Where does food come from?
In 2020, this question took on new urgency as the pandemic forced massive changes in what/how/where everyone ate. “Sustainable” and “resilient” went from being buzz words to real-life survival tactics, as farmers harnessed new-fangled technology and applied old-fashioned elbow grease to keep food moving and cash flowing.
What SPIN farmers reported: Serious shoppers. Cleaned out farm stands. Online orders flooding in. Pricing power. Here is Neil Reimer, in late spring:
“I blew my revenue target out of the water. Online it was just under $400 this week. Was hoping for a grand at market plus the online. Topped $1,300 today, besides the online. Might up my goal a bit, as next weekend I expect to either use the trailer or have my wife haul some produce.”
How much better can it get? Farm industry watchers and economists all seem to agree that SPIN farmers like Neil are now in the catbird seat. Their prediction: a de-globalization of the food industry and a greater emphasis on regionalization of production and processing. That puts local farmers selling direct in a stronger position than ever, and is motivating more to join them. Like the new farmers below whose startup stories we shared this year.
We’ve culled from their farm plans and the experience of all the other SPIN farmers we know and worked with this year to come up with our Alphabet List of 2021 Trends to look forward to. As you’ll see, the future is in our favor.
SPIN’s Alphabet of 2021 Trends
Aggregate – increased demand spurred SPIN farmers to aggregate products from other farmers to serve as a one-stop shop and led to informal collectives
Bankruptcy sales – good source for cheap equipment, especially reach-in coolers
Contactless payment – added expense, but expanded customer base and easy recordkeeping
Distribution – facilitated by tech and investment money, the options will continue to proliferate so keep on the lookout for new sales channels beyond the farmers market
Essential business – farming will continue to top the list
Full-time – more part-timers are going full-time due to job loss or more flexible work-at-home schedules
Ghost kitchens – a rapidly developing new market, as restaurants re-group rather than go out of business
Health – government, insurers and corporations are now promoting a food-first approach to preventing illness and disease which means the value of the type of food we produce will keep going up
Islands – looking for more food self-reliance; 2 of our startup stories were set there this year, in BC and the Caribbean
Joy of cooking – people started using their kitchens and discovered they really liked home cooked meals
Kitchens – launching pads for food businesses in states with cottage food laws like CA
Logistics – convenient pickup or delivery will continue to be an important value-add
Medicinals – plants with health restoring qualities will be in demand as consumers become even more health-conscious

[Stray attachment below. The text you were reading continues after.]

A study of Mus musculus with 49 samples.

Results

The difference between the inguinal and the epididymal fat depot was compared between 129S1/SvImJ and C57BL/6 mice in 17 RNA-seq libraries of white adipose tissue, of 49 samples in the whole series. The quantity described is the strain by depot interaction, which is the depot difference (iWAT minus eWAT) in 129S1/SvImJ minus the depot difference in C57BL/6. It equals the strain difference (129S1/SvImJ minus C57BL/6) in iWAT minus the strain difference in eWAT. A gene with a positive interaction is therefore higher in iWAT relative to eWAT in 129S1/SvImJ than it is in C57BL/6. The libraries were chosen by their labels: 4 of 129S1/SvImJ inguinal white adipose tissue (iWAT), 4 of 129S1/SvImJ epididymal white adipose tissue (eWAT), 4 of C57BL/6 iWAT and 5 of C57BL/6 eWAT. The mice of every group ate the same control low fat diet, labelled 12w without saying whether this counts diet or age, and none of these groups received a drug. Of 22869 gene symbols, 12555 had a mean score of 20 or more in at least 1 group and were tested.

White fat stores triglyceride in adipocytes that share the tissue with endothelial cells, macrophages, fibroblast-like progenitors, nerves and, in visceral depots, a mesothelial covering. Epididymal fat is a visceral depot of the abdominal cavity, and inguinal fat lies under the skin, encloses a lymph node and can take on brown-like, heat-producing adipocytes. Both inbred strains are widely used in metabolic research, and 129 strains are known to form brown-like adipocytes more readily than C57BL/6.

New normal – buying convenience (i.e. not having to go to a farmers market) will play a big role in serving customers
Over-equipped – experienced farmers realize they need to be
Pre-order – more precisely matches demand with supply; convenient for customers and reduces waste for farmers
Questions – there’s just 6 you need to answer to launch a business if you’re in SPIN’s fast track farming program
Revenue – startup plans we reviewed ranged widely this year, from $1k to $112k; expect more variation as people in all different circumstances see opportunity in local food production
Seed shortages – order early in 2021 as demand from gardeners is expected to continue to drain supply
Texting – will be used more than ever to keep customers informed and happy
Ugly produce – new niche opportunity; used to be called “seconds” but is now marketed as “food rescue” to attract upscale customers who can feel virtuous instead of cheap
Veterans – those looking for new missions are launching backyard-scale farms to avoid the debt trap
WFH – work-from-home affords the time and flexibility to launch part-time farms that serve their local communities
Xeriscaping – dry land farming is an alternative to investing in expensive irrigation, especially for bartered plots; of crops can still be grown this way. Examples: beans, beets, carrots, onions from sets, peas, potatoes, winter squash
YamChops – leading the way on plant-based butcher shops, a new market for farmers
Zones – dividing your space into different production zones organizes your thinking and cropping strategies
Congratulations to these beginning SPIN farmers, from all different places, backgrounds and circumstances who went pro this year: Cherie Jzar in Charlotte NC; Jimmy Fagan in Lansdale PA; Danyell Durstling in Sointula BC; Jim Coleman in Lexington KY; Kyle Meecham in Clinton IA; Tim Toews in Lexington KY; Tom Trotter in Sutherlin OR; Vedha Reddy in St. Paul MN; Danielle Green in Seabrook SC; Natasha Yeeloy Labad in Roseau Dominica; John Golly in Knoxville TN; Jeremy Obermeyer in Gypsum KS; John Vargas in Brea CA.
IF STARTING A FARM BUSINESS, OR LEARNING THE BUSINESS OF GROWING FOOD IS ON YOUR 2021 TO-DO LIST, YOU’RE WELCOME TO FOLLOW IN THEIR FOOTSTEPS. TAKE THE FIRST, EASY STEP HERE.